Notes for 2/6/19

Sometimes It’s Better to Not Endorse

This week, the paper that endorsed libertarian wacko Gary Johnson for president in 2016 released a slew of endorsements for this year’s aldermanic races. To be clear, the Trib’s endorsements are not made by the actually knowledgeable reporters who cover these candidates; they are made by a mostly-white editorial board which skews notably conservative. That means that in their endorsements, they prize political experience—that is unless there is a conservative candidate with no political experience, like nineteen-year-old David Krupa, who happens to be standing up to Mike Madigan’s Democratic organization. And, though the board-members typically champion anyone who opposes the Democratic machine, they enthusiastically endorsed the conservative-leaning 11th Ward Alderman Patrick Daley Thompson, despite he and his family’s notably Machine-like connections to a now-shuttered Bridgeport bank. Reflecting the conservative values of the paper’s owner, the editorial board is openly anti-tax, anti-labor, pro-business, and pro-privatization and its endorsements reflect this (the worst thing they could say about 17th Ward Alderman David Moore, whom they endorsed, was that he opposes charter schools).

Lest you think we’re singling out the Trib, the Sun-Times ownership is made up of leaders from Chicago-area unions including the CFL, and though they pledged that unions would not interfere in the paper’s endorsement process, the paper’s editorial board is friendly—though not exclusively so—to Big Labor candidates. And the big unions themselves often have obscure endorsement processes that have more to do with currying clout than representing the views of the rank and file workers. The Weekly does not endorse candidates, but for folks seeking guidance in the municipal elections, we recommend you consult last week’s Election Issue, the community organizations in your ward, or even your civically engaged neighbors.

Daley’s Telling Choice

Early this week, Chalkbeat Chicago released mayoral candidates’ responses to their questionnaire regarding who the candidates rely on as key education policy advisers. Most of the names that candidates tapped were unremarkable and some didn’t really answer the question, but predictably, Bill Daley kept his choices close, naming Peter Cunningham: his communications director, former Arne Duncan aide at the Department of Education, and the author of a 2016 op-ed titled “Is School Integration Necessary?” In it, Cunningham not only completely misunderstands what “intersectionality” means, but also attempts to make the point that the battles to reduce poverty and segregation are not only way too expensive but also unnecessary, to school improvement. Cunningham doubled down with some more Jim Crow rhetoric the day after it was published, tweeting, “Lamenting segregation is just an excuse to avoid improving schools.” Cunningham also wrote a 2015 op-ed for the Tribune against elected school boards, noting that compared to elected board members, appointed members are “insulated from politics,” which made us wonder if he even lives in Chicago at all.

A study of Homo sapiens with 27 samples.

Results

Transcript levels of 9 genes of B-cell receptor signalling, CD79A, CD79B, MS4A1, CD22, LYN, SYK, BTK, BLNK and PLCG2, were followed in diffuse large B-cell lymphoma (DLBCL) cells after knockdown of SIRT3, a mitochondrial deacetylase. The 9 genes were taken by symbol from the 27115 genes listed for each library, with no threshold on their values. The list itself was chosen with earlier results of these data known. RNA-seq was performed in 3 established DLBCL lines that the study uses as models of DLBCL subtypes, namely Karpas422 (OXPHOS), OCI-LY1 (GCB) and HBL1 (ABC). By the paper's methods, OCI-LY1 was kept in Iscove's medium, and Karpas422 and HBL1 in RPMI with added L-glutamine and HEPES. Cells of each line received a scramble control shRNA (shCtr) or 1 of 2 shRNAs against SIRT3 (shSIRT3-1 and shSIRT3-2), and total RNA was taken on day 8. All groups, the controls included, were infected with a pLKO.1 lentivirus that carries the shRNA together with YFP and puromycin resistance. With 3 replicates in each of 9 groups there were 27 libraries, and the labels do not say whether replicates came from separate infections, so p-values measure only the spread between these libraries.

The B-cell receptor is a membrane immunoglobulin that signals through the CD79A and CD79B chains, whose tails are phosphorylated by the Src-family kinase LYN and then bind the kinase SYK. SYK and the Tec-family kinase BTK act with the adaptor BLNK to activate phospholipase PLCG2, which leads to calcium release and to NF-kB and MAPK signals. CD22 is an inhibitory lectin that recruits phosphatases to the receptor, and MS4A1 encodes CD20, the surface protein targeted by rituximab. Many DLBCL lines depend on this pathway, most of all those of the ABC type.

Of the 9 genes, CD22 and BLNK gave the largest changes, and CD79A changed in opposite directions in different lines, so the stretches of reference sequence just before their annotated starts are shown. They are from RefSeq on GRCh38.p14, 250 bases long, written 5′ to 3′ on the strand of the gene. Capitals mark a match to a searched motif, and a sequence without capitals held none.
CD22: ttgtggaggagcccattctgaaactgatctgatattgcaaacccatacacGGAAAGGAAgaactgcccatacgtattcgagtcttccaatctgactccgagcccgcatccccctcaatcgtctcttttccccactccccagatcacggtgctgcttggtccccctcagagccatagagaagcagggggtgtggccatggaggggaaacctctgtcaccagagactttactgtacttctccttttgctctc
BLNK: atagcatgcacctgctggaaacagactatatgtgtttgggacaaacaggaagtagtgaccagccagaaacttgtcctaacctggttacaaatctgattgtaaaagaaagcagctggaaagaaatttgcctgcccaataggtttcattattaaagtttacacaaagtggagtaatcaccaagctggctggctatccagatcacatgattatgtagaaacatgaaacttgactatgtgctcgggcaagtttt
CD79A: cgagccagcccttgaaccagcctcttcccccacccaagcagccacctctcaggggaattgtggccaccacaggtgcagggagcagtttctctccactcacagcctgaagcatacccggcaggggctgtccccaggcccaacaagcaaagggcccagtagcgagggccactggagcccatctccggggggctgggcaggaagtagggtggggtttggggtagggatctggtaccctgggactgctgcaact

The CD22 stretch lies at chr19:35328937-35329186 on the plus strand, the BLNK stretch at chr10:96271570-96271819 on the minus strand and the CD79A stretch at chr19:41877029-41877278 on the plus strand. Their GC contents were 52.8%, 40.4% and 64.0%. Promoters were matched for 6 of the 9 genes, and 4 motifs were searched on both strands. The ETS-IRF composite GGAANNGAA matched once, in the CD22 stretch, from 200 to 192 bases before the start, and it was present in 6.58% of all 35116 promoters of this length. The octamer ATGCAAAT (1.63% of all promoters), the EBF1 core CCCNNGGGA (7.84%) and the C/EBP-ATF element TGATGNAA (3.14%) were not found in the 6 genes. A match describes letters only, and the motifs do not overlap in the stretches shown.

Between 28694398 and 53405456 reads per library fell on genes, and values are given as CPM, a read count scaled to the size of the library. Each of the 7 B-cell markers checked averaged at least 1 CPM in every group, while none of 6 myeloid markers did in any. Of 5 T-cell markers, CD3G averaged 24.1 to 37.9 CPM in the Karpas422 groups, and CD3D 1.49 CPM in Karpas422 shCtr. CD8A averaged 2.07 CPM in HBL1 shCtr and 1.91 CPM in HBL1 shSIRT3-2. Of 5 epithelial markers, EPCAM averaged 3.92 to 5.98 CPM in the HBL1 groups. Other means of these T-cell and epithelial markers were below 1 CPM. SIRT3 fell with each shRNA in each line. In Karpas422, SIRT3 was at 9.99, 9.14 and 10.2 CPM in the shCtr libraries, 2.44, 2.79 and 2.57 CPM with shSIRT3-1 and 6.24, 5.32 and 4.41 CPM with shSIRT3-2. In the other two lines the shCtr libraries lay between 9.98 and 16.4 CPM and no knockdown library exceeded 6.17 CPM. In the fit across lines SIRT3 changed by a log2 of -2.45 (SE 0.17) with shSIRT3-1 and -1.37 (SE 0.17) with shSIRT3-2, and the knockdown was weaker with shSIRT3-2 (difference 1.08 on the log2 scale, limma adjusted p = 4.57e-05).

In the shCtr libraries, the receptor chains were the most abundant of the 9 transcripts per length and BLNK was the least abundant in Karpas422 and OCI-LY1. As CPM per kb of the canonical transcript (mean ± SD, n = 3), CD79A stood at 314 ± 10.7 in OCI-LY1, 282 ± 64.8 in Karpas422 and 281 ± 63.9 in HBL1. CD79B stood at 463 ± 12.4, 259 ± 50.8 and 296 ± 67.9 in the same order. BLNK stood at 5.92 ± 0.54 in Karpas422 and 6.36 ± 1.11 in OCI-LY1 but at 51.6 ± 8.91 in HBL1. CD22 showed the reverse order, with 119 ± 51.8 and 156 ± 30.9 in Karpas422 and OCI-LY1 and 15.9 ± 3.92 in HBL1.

Flying the Nest

Big Marsh, the Far Southeast Side’s most-loved wetland, has undergone a few transformations over the years: it spent a few millennia as a swamp, several decades as an industrial trash heap, and now almost three years as a popular cyclocross park. But at a fundraiser party last week, the Friends of Big Marsh discussed an even bolder vision for Big Marsh: what they’ve called, in true birdwatcher form, “Leaving the Nest, Taking Flight.” The backbone of this plan is the Ford Calumet Environmental Center, a long-proposed space for education and events, but newer additions include a nature play space for children, the development of a “Big Marsh ambassadors” program, and the expansion of BMX terrain. Though it can be difficult to get to Big Marsh (particularly on bike, an irony lost on no one), the park has seen rapid growth since the cyclocross course’s opening in 2016. It’ll be exciting to see how this community can grow with new resources and new support.